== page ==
Fox News spent most of 2020 spreading hazardous-to-your-health misinformation and disinformation and an outright pro-death agenda. From the same “pro-life” folks who endlessly smeared Obamacare, legislation designed to save lives by expanding health care access, and dishonestly characterized one provision as a “death panel.”
Although it’s impossible to calculate, it’s almost certain that Fox is at least partly responsible for deaths among its viewers. Media Matters’ Matt Gertz put it well in his article explaining why the site named Fox as its “Misinformer of the Year” for 2020: “[N]ever before have its personalities and executives had the blood of this many Americans on their hands,” he wrote.
It’s difficult to imagine what prime-time stars Tucker Carlson and Laura Ingraham might have done differently if they were deliberately trying to get as many Americans killed as possible. The hosts and the assemblage of kooks and cranks they brought on for supposed expertise used their massive platforms to wage a nightly, systematic assault against virtually every measure that public health officials supported.
They denounced social distancing, masks, quarantines, and increased testing as ineffective and dictatorial, while praising both the purportedly miraculous properties of the anti-malarial drug hydroxychloroquine, which studies show is ineffective against the coronavirus, and the less-restrictive response of Sweden, which ultimately failed. They baselessly claimed at first that the coronavirus death toll had been inflated, and eventually stopped mentioning those figures altogether. They embraced protests against stay-at-home orders, valorized small business owners who flouted coronavirus restrictions, and denounced credible experts like Dr. Anthony Fauci. Over a single week in July, their shows combined to push misinformation about the virus at least 83 times.
But while those hosts stand out, the entire network has been complicit in its campaign of deception, with the network’s purported “straight news” shows often hammering the same misinformation as its “opinion” programming.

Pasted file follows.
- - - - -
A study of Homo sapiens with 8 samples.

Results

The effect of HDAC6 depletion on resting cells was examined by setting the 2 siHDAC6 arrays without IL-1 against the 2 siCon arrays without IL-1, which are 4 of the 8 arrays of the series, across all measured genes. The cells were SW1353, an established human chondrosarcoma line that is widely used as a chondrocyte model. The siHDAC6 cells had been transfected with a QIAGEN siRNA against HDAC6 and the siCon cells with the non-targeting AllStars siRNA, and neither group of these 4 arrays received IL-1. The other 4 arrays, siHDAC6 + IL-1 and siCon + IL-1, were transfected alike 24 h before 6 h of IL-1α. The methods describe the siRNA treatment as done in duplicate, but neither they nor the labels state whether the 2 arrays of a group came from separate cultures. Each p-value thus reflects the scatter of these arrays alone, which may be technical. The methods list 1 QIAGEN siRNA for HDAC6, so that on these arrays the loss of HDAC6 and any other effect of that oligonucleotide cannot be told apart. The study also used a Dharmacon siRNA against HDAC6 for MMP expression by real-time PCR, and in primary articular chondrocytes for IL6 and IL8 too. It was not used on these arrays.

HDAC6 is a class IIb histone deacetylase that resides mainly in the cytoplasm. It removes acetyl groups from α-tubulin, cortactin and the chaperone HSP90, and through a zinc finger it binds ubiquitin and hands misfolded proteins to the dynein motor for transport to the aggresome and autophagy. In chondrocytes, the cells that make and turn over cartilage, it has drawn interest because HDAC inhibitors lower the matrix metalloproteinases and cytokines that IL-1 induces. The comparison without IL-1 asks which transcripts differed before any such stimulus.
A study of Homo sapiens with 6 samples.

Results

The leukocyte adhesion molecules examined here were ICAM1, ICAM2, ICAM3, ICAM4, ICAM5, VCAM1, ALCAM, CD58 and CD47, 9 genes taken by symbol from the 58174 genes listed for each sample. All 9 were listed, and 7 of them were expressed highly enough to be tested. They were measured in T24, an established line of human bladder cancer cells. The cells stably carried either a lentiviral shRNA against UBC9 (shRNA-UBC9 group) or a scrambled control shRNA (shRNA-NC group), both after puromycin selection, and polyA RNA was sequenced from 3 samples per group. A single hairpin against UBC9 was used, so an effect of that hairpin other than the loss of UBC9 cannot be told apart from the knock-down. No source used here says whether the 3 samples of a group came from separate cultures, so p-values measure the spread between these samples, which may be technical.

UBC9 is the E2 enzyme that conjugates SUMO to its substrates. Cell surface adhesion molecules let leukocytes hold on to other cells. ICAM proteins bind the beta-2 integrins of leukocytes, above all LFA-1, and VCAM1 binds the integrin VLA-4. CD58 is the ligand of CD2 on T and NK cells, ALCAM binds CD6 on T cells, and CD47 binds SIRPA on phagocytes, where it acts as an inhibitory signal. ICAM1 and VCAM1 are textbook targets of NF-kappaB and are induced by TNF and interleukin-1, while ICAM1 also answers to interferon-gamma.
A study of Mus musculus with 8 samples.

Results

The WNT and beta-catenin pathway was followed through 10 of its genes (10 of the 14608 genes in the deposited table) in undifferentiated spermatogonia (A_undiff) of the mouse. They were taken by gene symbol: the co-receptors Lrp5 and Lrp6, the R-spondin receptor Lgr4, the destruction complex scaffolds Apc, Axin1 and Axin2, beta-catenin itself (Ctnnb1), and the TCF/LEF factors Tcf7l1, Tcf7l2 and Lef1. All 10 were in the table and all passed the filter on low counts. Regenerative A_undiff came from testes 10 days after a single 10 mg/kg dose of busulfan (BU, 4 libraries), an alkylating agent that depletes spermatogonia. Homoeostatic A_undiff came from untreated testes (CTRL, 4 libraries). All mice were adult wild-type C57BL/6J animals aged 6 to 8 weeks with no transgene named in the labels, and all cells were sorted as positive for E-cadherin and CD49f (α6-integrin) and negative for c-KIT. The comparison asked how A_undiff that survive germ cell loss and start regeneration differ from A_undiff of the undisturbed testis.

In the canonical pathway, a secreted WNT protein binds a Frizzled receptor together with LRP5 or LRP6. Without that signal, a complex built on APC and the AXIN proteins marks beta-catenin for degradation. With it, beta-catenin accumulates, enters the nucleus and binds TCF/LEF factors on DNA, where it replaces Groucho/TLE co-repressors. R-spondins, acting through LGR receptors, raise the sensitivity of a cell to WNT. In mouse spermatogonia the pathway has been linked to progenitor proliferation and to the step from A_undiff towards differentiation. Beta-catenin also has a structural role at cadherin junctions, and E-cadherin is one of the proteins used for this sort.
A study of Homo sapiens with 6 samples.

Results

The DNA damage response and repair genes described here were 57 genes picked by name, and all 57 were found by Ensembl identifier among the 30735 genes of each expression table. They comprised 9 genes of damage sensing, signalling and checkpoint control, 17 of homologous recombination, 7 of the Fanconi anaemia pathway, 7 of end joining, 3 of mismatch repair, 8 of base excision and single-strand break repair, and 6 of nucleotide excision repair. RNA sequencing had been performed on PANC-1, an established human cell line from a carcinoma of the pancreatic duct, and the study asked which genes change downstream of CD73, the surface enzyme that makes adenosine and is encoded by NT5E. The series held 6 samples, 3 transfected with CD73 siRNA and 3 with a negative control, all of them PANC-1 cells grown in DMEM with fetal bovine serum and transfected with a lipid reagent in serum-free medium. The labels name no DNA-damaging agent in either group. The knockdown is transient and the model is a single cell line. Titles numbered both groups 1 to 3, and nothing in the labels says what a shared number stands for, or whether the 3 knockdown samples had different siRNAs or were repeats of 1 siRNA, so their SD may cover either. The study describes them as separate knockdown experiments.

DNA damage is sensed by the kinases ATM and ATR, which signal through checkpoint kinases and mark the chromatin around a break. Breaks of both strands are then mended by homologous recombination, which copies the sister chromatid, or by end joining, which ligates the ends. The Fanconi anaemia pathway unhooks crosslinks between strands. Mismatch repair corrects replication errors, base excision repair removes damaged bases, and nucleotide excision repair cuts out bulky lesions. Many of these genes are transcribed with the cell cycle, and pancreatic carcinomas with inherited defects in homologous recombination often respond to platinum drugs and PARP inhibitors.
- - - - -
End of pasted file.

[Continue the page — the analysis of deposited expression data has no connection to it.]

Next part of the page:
For Fox, mass death was simply the cost of doing business.
But mass death is not necessarily seen as a "cost" on Fox. Texas Lt. Gov. Dan Patrick twice promoted death for seniors as a way to help the economy. Fox's own Brit Hume called that an "entirely reasonable viewpoint."
That was all in front of the camera. Behind the camera, the network is protecting its employees with the same measures they denounce to viewers. The Daily Beast authors Maxwell Tani and Justin Baragona, in a separate year-end roundup called “How Fox News Made Us Sick in 2020,” reported:
While some of its own hosts do wander the halls of the nearly empty network headquarters in Midtown Manhattan, the network has kept much of its workforce at home, and ensured that its on-air staff receive regular testing. In recent weeks, for instance, the network strengthened its COVID-19 screening process for staffers working at the NYC offices following a slew of positive tests for on-air personalities including The Five’s Juan Williams and Fox & Friends First co-anchor Todd Piro, among others.
According to an internal memo sent to Fox News staffers, obtained and reviewed by The Daily Beast, employees who physically work one to three days a week at the News Corp. building will continue to follow the current procedure of using self-administered saliva test kits; those who work more days in-office will now take part in on-site testing twice per week.
Furthermore, the network got behind the lie that a provision in Obamacare that paid for optional end-of-life counseling were “death panels” which would determine whether seniors and the disabled were worthy of care.
“Death panels” was PolitiFact’s Lie of the Year in 2009.
But “Death Channel” is the truth about Fox in 2020.
Media Matters has two good videos summing up Fox’s pro-death agenda in 2020. You can watch them below.
When I attended high school and university during the early 1960s (Kennedy’s administration), most post-high-school education (with a few exceptions, mostly in the evangelical world of creationists and evolution-deniers) involved a couple of years aimed at bring students up to speed in terms both of basic knowledge (English, science and a touch of culture) and especially critical thinking.
The power of Fox(not)News tells me that a lot of my age-mates (over 75) have forgotten what they learned then.